Published: May 2018 - Simon Schuster.
Genres: Adult / women's fiction / contemporary / thriller
Pages: 384.
Triggers/Content Advisory: Sexual content / strong language / mature / adult themes
Format: Paperback.
Source: Thank you so much to Pan Macmillan SA for sending me this book in exchange for an honest review.

When five hyper-successful women agree to appear on a reality series set in New York City called Goal Diggers, the producers never expect the season will end in murder… Brett’s the fan favorite. Tattooed and only twenty-seven, the meteoric success of her spin studio—and her recent engagement to her girlfriend—has made her the object of jealousy and vitriol from her castmates. Kelly, Brett’s older sister and business partner, is the most recent recruit, dismissed as a hanger-on by veteran cast. The golden child growing up, she defers to Brett now—a role which requires her to protect their shocking secret. Stephanie, the first black cast member and the oldest, is a successful bestselling author of erotic novels. There have long been whispers about her hot, non-working actor-husband and his wandering eye, but this season the focus is on the rift that has opened between her and Brett, former best friends—and resentment soon breeds contempt.

Love the cover, love the premise, and I expected to love the inside of this book as much as I did the outside.

The writing is fair. Knoll writes well, and she digs very deeply into what's happening in the scene. Honestly, though, I found it too much. There is so so so much going on in one scene, all of it muddled together in a heap of back story, character perception, and action and heavy dialogue, that it drags you under. It's like the author's diving into her story, but it's not translating well from her head to the page. She doesn't explain well what's going on, she doesn't centre the scene, and the scene lacks structure completely. It's information and internal monologuing and dialogue and thick flashes of history and every scene just seems to merge into the next. Sure, maybe that's just Knoll's style, but for me it doesn't work. It's too much. I was confused and weighed down.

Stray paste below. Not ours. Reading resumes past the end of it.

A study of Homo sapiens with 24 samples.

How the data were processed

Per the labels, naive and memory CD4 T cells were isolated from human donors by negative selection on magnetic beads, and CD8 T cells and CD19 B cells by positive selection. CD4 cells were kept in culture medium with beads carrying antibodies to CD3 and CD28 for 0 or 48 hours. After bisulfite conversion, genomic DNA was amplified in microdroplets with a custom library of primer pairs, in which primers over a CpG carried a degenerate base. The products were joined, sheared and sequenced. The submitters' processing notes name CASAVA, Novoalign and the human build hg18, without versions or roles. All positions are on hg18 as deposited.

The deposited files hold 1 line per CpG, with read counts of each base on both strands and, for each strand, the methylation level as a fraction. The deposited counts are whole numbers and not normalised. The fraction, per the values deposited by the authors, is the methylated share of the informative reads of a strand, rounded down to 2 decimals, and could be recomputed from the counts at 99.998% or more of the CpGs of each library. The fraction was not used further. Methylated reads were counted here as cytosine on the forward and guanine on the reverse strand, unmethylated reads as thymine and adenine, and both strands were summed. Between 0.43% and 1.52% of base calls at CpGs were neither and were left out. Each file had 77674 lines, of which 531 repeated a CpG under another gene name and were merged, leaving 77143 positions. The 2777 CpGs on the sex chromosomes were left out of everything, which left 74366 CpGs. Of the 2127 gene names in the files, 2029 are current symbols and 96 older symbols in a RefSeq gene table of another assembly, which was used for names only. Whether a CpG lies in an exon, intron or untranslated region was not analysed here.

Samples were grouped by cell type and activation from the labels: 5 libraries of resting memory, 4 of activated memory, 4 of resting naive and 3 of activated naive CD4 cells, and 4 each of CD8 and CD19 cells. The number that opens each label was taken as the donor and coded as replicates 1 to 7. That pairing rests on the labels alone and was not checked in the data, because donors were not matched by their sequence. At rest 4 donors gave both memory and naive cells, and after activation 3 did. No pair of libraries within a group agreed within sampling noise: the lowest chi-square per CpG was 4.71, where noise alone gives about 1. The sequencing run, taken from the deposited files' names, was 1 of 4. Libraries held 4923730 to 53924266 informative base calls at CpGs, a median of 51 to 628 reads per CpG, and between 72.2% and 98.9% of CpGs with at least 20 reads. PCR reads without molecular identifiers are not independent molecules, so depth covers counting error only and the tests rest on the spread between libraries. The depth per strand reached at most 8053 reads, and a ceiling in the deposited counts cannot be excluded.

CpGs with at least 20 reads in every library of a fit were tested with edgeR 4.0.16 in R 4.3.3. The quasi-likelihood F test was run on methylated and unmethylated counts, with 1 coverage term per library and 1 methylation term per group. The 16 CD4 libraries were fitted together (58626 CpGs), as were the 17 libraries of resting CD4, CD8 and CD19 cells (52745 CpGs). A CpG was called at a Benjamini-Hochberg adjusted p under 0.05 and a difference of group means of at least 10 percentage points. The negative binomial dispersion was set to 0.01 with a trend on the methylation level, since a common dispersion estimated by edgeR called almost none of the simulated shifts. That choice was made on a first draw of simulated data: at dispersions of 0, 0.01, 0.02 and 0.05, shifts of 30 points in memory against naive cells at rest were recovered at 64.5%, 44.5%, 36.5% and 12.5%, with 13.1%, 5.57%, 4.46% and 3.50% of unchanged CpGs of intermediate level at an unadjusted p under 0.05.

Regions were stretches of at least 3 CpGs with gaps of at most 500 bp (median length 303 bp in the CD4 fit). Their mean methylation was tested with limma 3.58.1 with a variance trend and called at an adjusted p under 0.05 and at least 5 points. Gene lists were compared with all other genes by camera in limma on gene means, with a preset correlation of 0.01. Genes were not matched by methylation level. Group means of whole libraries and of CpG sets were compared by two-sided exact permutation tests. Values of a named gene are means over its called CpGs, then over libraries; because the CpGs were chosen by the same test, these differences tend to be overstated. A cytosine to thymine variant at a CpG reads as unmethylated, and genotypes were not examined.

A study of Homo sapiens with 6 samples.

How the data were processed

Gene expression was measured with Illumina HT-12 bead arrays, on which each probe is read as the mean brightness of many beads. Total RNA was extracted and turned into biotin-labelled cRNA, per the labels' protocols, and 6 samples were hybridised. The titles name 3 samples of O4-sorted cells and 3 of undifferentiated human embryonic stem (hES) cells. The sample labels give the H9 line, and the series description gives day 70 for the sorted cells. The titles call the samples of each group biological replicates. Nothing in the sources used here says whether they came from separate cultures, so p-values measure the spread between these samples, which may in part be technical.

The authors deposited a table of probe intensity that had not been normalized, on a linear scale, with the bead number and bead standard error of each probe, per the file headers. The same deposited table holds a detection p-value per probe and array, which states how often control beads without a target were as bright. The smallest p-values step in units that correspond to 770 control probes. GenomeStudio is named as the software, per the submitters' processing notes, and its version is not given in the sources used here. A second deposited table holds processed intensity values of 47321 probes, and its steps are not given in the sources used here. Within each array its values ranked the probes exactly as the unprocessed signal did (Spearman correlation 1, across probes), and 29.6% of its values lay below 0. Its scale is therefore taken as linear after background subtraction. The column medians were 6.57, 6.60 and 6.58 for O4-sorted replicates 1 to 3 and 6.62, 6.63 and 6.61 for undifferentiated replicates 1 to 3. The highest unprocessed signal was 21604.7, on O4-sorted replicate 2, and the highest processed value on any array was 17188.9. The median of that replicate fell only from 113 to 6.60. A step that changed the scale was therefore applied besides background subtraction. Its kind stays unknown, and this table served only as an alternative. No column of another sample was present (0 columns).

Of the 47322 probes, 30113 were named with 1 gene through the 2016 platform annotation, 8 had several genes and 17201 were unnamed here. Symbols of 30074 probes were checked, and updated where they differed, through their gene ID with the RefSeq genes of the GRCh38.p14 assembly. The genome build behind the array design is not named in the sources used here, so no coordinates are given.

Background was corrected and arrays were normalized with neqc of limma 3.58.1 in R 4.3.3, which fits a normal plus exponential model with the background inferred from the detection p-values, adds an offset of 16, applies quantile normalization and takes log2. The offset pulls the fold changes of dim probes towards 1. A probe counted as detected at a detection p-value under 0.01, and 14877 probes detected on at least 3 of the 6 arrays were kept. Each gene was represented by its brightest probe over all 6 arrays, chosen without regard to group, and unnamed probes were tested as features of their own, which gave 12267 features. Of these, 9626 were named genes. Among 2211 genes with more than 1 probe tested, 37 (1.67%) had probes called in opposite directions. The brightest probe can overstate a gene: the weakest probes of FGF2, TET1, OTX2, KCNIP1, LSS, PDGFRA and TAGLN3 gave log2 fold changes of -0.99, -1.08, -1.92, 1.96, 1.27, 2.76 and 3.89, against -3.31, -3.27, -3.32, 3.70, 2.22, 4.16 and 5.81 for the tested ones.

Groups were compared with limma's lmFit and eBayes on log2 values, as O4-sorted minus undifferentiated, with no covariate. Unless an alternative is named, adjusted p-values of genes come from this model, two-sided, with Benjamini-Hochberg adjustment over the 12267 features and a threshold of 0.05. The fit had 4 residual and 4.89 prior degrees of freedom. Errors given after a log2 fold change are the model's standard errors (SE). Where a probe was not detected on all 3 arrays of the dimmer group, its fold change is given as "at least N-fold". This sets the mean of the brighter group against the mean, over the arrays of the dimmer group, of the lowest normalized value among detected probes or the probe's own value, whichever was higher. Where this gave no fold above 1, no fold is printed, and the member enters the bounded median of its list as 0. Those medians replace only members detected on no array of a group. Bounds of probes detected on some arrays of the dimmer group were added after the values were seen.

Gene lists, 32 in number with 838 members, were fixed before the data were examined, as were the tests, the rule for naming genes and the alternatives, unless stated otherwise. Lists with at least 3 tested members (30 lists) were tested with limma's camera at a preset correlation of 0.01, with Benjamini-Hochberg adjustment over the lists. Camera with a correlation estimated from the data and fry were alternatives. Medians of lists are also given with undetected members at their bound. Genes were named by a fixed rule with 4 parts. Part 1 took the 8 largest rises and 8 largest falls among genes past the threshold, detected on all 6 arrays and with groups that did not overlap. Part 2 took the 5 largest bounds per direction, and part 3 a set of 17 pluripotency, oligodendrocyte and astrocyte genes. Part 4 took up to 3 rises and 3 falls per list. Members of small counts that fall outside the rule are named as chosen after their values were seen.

The writing is also very Devil Wears Prada-esque, if you know what I mean: detail by detail description of the clothes the characters are wearing,their personal history, the food, the characters' expressions, etc etc.... All this heavy info that doesn't actually serve a purpose. It doesn't play a significant role in the story, and it doesn't even flesh out the characters because it's too vague and random and inconsistent.

The plot is slow. It's vague. It's hard to follow, and I found it boring because I couldn't get a grip on anything. Having expected a tantalising, scandal oozing murder thriller, I was extremely disappointed. It doesn't even feel like a thriller; that aspect totally escaped me. Most of the book simply feels aimless and tedious.

It wasn't until I admitted to my own place in the {abuse and trauma} cycle that people gave me the respect I always knew I deserved. And now that I have it, I can't stop wondering why it is that for a woman's work to be taken seriously, she has to bleed first? and why I was so quick to open a vein?

The thinking that women of all shapes and sizes can be beautiful is still hugely problematic, because it is predicated on the idea that the most important thing a woman has to offer the world is her appearance.

The patriarchy survives so long as women are pitted against one another. It is a threat to a man’s way of life when women gather, when they question the status quo, and when they inevitably start to resist it.

The cast is too big. It also doesn't help that almost everyone is introduced at once. I never got a clear idea of who any of the female leads were, and so I couldn't care about them. In addition, they monologue on for pages and make abstract observations of each other, but none of it ends up meaning a thing. It may thicken up the story, but its relevancy was lost on me. It's all white noise.

The one thing this book does do right, however, is dig into topical issues with searing scrutiny. It speaks volumes about women, intersectional feminism, and the sexism in our society. It talks of diversity, social media, and positive and negative relationships in all their messy glory. It does make some good points; if only those points had been lifted up out of the cluttered writing.

The Favourite Sister is well written, and it's packed with many bold, powerful messages. But there are too many characters, the writing is often too busy, and the plot is painstakingly slow and muddled.